Latest play spotlights themes of family

Freshmen Kristin Miller (left) and Nicholas Granato (right) play Shirley Talley and John Landis in the Marshall Theatre production of the “Fifth of July” on Nov. 3. Joel Ray/Photo editor

Though the theatre was not full, the buzz of conversation from the crowd filled the air. As the crowd slowly filed in, a big band number drifted from the speakers.

“Fifth of July,” written by Lanford Wilson and directed by Janet Gupton, associate professor of theatre arts, is set in 1977, on Independence Day.

A group of old college friends and several family members return home to Lebanon, Mo., so they can scatter their uncle’s ashes.

The young cast, comprised of mostly freshmen, worked to join their collaborative efforts to make the play shine.

The audience found the play positively entertaining, engaging with the actors on stage by responding with laughter and applause.

The oldest actor in this play is junior Chris Forrer who plays the character Kenneth Talley, Jr. Talley is a gay Vietnam Vet who lives in his family’s farmhouse with his boyfriend, Jed Jenkins.

Forrer said that when he first read through the script he was a little shocked. “There wasn’t anything that I could relate to,” Forrer said. “I thought it was going to be very challenging.”

He said that the more he got into the play though, the more he learned from it.

“I definitely think I have more in common with the character than I first realized,” Forrer said.

Talley’s boyfriend, Jed Jenkins, is played by freshman Jeremy Odden. Although Odden is a freshman, he was recently in Linfield’s production of Chekhov’s “The Proposal.”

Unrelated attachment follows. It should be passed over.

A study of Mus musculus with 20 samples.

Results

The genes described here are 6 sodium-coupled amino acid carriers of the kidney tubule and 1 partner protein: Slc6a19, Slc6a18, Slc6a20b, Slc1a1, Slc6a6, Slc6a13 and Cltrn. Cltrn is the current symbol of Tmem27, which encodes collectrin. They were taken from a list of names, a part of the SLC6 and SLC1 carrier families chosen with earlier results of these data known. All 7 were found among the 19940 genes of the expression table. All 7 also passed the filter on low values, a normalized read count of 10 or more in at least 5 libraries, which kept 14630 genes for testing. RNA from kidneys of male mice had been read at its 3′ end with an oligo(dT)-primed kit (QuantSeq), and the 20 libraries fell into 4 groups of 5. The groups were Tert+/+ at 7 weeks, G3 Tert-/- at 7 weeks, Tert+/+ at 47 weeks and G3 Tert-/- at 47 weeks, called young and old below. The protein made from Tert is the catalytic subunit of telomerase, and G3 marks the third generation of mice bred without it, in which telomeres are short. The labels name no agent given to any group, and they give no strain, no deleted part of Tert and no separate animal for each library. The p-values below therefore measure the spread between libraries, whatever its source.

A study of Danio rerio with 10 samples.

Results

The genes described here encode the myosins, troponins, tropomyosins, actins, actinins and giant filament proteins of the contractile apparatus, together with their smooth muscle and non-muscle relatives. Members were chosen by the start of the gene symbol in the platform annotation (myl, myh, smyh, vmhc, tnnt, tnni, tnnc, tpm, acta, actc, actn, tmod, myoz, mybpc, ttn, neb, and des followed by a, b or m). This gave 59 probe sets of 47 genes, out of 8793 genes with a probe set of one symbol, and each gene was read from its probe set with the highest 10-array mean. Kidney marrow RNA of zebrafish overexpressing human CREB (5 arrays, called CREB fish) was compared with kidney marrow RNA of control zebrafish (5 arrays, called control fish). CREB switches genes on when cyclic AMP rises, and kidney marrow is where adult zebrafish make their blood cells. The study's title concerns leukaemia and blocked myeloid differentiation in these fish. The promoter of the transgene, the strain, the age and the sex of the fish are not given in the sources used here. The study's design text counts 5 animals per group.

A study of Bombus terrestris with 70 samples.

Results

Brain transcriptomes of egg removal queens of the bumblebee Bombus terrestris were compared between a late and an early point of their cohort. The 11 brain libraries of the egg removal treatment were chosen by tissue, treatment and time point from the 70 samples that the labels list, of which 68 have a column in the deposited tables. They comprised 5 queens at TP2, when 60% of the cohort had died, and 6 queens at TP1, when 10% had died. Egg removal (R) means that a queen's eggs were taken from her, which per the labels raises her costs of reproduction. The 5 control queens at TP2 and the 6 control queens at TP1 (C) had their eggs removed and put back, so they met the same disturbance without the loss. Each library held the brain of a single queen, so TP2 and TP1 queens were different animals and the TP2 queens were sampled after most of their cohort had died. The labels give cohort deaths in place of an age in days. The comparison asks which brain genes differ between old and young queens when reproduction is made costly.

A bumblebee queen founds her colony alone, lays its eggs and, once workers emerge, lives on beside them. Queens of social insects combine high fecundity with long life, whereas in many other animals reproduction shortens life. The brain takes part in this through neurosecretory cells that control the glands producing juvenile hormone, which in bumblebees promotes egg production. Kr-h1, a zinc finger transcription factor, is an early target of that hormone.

When commenting on the character that he played, Odden said he most enjoyed it because, “He [Jed] is a quiet, observant person. It was really fun because I could be really laid back and relaxed. I could look like I wasn’t really paying attention, because that is how my character felt.”

He said the family relationships were an important part of the story that the audience should take away.

“The undertone that John [Landis] is Shirley [Talley]’s father is really important,” Odden said. “During the preview audience, several people didn’t get that. We had to change a few things to make that more understandable.”

Forrer agreed that family was an important aspect of this play.

“People fight, but it’s because they love each other deeply,” Forrer said. “Their arguing comes from wanting what is best; it’s because they care.”

Freshman Kristin Miller also brought up the aspect of family, but on a more personal
level to the actors.

“I loved the cast,” Miller said. “Everyone got along really well, like a big family. We are always laughing and dancing around.”

On a more serious note, she said this play can definitely teach people about the importance of our veterans.

“We need to see things from their perspective,” Miller
said. “How things affect them and their lives.”

She said there are a lot of ways viewers can relate this play to the present day, dealing with soldiers who are coming home from Iraq.

Walking away from the foyer, Forrer called out, “Tell all your friends about [the play]!”

Students are encouraged to attend the Veteran’s Day performance Nov. 11 with a post-show discussion from Vietnam Vet and Linfield alumnus, Bob Ferguson.

For the Review
Lydia Driver can be reached at linfieldreviewculture@gmail.com.